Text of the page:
Convenient or Dangerous?: The “One-Click Wonders” of Online Retail

Oct 11, 2018
Budgeting, Current Events, Behavioral Finance

Online retailers are finding shorter and simpler ways to reach shoppers’ hearts and wallets.  By reducing the number of steps required to place an order, Amazon, Domino’s, and others are hoping to boost their sales by making your life easier.  The ultimate consumer convenience, these new “one-click wonders,” could be dangerous to the financial health of those with weak impulse control.  

One such “one-click wonder” is the Amazon Dash Button, which promises to “make ordering easier” for Prime Members by decreasing or even eliminating trips to the store to buy household items. Members simply pay a $4.99 installation fee, and they’ll be reimbursed that amount after their first purchase using the button. Convenience comes at a cost, and while Dash Button users’ shelves may be constantly stocked with necessary household items, it’s unlikely they’ll see the fluctuating prices of those products unless they go through their purchase history.

Oh, and it also takes a nine step process to set up your Dash Button:

It’s also noteworthy that Snapchat is beta testing a new feature that will allow users to “point the app’s camera at an item and quickly find it on Amazon and buy it straight from the social-messaging app” (CNBC). This will likely enable teens and young adults to spend even more since the step of manually searching for an item before purchasing it will be eliminated.

Surprisingly enough, the food industry upped the ante on the “one-click wonder” market when Domino’s released its “Zero-Click” Buyer Experience. Domino’s Group CEO and Managing Director Don Meij noted, “The introduction of zero-click ordering is yet another innovation making order easier… we’ve been crunching down the time it takes to order – giving our customers back their time” (CMO).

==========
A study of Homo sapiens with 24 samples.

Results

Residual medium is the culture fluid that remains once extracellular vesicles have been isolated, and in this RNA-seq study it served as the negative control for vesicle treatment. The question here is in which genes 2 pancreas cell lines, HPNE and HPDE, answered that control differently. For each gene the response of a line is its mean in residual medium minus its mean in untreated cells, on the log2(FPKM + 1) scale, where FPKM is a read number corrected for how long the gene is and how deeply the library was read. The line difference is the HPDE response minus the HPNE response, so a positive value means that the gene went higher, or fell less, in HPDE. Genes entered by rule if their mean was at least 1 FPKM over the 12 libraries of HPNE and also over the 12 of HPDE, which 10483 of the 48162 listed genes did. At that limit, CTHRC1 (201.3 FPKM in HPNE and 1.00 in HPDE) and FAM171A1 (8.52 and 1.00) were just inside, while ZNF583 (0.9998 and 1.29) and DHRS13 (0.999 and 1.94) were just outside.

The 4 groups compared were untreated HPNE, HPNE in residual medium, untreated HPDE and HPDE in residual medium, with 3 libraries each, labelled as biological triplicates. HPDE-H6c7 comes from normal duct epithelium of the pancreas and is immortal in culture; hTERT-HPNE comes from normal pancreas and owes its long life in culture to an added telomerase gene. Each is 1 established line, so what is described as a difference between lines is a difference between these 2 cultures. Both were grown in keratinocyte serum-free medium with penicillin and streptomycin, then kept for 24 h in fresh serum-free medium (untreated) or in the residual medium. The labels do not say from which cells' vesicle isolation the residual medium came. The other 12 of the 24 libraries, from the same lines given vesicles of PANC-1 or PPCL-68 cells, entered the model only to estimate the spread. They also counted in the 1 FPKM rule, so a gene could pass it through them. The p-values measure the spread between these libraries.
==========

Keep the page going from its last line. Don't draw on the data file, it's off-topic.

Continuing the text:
Wondering how "Zero-Click" works? From TechCrunch:

"In this case, 'zero-click' means just what you think. The new app doesn’t require any input at all, beyond your initial sign-in the first time you use it. Instead, you simply launch the app when you want pizza. And then…Yeah, that’s it. Pizza comes. To be clear, simply launching the app doesn’t immediately place the order.

To stave off accidental clicks, there’s a 10-second countdown that first displays. However, if you don’t push the button to stop the timer, your order is placed with your local delivery chain. A screen then appears with your order confirmation."

So is this convenient or potentially dangerous to consumers’ wallets? I know that I’ve done my fair share of accidental dialing. Could you imagine unintentionally ordering pizza?

As the consumer landscape evolves, face-to-face interactions are decreasing as more and more stores shift to offer delivery services. Shoppers don’t even have to leave the house to buy groceries anymore! So, is it worth it to have products—whether they’re needs or wants—just a click away?


  • Have you ever used any of these one-click or zero-click shopping methods? Did you ever experience regret from these purchases? 
  • Amazon Dash buttons are limited to one brand’s product (i.e. Brawn paper towels) and can be a cumbersome process to set up? Do you think these will be popular with consumers? 
  • How much of your shopping do you do online vs. at a "brick and mortar" store? Are there certain things you buy only online or at physical stores? Explain.
  • Where do you see the future of shopping going? What role do you think physical stores have in a world where more is happening online?

Looking for a way to engage your students further in conversations about budgeting? Teachers really enjoy NGPF's Budgeting Activity, COMPARE: Needs vs. Wants.

About the Author

Danielle Bautista

Danielle is a native of Southern California and a recent graduate from the University of Maine, where she braved the frigid winters—a feat in and of itself—and earned her Bachelor's degree in International Affairs. She has a passion for working with non-profit organizations and serving populations in underprivileged communities. When Danielle isn't writing NGPF blog posts, spearheading various outreach projects, or managing contests and flash surveys, you can find her doing some sort of outdoor activity, learning a new hobby, or cracking what she thinks are witty puns!